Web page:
Hawaii's F22 raptor fleet is complete - Hawaii News Now - KGMB and KHNL

Hawaii's F22 raptor fleet is complete


The Hawaii National Air Guard's 199th Fighter Squadron and the Active Duty Air Force's 19th Fighter Squadron, is in full training mode with the arrival of the last four of its F-22 Raptors. The fleet is now complete, the first set started taking delivery in July 2010, and 18 are now housed on Joint Base Pearl Harbor-Hickam (two are under depot maintenance on the Mainland).

"Locally, you are going to hear the jet noise of the sound of freedom a long time," said Captain Luke "Money" Swanson with the Active Duty Air Force's 19th Fighter Squadron. "This jet has an unique capability of stealth and super-cruise integrated avionics and exceptional maneuverability compared to other fighters."

This week, pilots and flight maintainers are on a practice mission called, "Air Combat Tactics." Such training is possible with the arrival of all the F22s that replaced the older F15s.

"We couldn't get the type of training that we are getting today and now that all of the airplanes are here we are able to train in a more realistic environment," said Lieutenant Colonel Glen Nakamura, Commander of the 154th Operations.

Today, they are suiting up and preparing for the day they may be called upon when in dire need.

"We were (practicing) escorting strikers to bomb a target and facing some real world threats that we expect to face, we plan to face, and we train to face," Nakamura said.

There is a lot to check off the list before these pilots get the thumbs up for wheels up.

"Ground operations makes sure the jet is working properly all of the systems, avionics, flight controls, all of that needs to be ensured, that all are working properly," Swanson said.

Earlier this year, an in-flight emergency was announced by a F22 Hawaii-based Raptor. The pilot reported to experience momentarily dizziness due to a lack of oxygen and today the Squadron Commander said they've learned that the stealthy aircraft is alerting pilots appropriately, and they are safe to fly.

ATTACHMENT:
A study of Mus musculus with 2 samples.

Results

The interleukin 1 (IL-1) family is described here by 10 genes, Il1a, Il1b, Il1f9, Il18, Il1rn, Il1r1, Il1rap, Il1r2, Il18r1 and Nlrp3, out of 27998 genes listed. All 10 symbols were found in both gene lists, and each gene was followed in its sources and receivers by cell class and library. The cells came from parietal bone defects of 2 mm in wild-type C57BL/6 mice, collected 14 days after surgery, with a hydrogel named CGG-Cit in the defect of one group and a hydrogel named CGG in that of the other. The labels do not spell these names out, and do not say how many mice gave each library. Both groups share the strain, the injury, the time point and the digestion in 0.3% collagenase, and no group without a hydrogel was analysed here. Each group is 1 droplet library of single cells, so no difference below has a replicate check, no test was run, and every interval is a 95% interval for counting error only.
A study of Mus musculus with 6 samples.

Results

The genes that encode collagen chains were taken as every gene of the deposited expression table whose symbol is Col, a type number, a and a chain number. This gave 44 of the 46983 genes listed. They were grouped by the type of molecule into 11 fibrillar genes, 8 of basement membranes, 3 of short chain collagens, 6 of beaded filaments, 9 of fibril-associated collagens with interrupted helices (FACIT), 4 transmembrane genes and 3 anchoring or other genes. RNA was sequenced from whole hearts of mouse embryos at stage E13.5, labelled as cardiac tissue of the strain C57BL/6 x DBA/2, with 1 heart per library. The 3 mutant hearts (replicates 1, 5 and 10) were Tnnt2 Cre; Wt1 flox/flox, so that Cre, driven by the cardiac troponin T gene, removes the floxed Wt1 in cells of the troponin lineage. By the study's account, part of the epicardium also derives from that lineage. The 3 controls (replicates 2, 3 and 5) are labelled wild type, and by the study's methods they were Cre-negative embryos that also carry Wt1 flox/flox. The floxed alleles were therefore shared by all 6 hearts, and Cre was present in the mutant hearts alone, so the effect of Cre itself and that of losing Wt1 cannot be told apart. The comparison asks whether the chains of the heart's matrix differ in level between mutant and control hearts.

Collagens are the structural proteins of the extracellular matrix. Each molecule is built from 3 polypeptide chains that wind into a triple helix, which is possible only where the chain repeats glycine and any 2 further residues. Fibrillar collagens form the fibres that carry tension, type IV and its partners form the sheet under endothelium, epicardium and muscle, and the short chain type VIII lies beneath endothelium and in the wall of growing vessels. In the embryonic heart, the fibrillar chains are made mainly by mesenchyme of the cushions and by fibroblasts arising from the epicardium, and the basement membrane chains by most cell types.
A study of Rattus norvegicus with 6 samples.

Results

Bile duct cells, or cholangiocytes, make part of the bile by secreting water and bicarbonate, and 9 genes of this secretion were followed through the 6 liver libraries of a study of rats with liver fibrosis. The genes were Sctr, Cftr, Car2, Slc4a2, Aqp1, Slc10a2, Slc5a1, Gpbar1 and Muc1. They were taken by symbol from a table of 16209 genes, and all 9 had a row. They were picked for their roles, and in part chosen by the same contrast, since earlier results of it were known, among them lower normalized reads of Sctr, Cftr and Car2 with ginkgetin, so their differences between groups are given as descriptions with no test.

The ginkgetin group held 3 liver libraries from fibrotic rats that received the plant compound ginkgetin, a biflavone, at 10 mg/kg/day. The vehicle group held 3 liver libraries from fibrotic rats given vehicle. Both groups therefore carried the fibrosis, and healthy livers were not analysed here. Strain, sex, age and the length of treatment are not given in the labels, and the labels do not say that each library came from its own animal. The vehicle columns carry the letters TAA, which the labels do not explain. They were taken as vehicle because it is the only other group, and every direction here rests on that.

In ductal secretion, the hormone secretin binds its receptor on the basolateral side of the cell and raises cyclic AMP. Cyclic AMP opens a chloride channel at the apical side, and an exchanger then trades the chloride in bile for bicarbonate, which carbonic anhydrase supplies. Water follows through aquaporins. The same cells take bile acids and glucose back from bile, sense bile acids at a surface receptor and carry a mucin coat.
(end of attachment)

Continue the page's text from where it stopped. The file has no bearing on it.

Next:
"We learned the aircraft is stable, and it does report its deficiencies like it is suppose to and we are great to recognize that in the cockpit" said Lieutenant Colonel Mark Ladtkow, 199th Fighter Squadron Commander.

 The Raptors are committed to keeping the skies over the Pacific protected.

"Once you learn to fly this airplane in combat, it is unstoppable and unbeatable," Nakamura said. "It is a game changer."

And they are also watching over the Aloha state.

"I am from Hawaii and of course being home on the islands is always a benefit. The weather is beautiful, the community is supportive and fantastic, so you can't be flying in a better place," Nakamura said.

Its sophistication is at another level beyond the F15s they use to fly here.

"I did really enjoy the F15," Nakamura said. "It was a very graceful airplane, a very wonderful airplane, but the F22 is hands down beyond anything that anyone else is putting up in the air right now. That is with all my experience as an F15 pilot, I am a believer it will be the deciding factor in any conflict."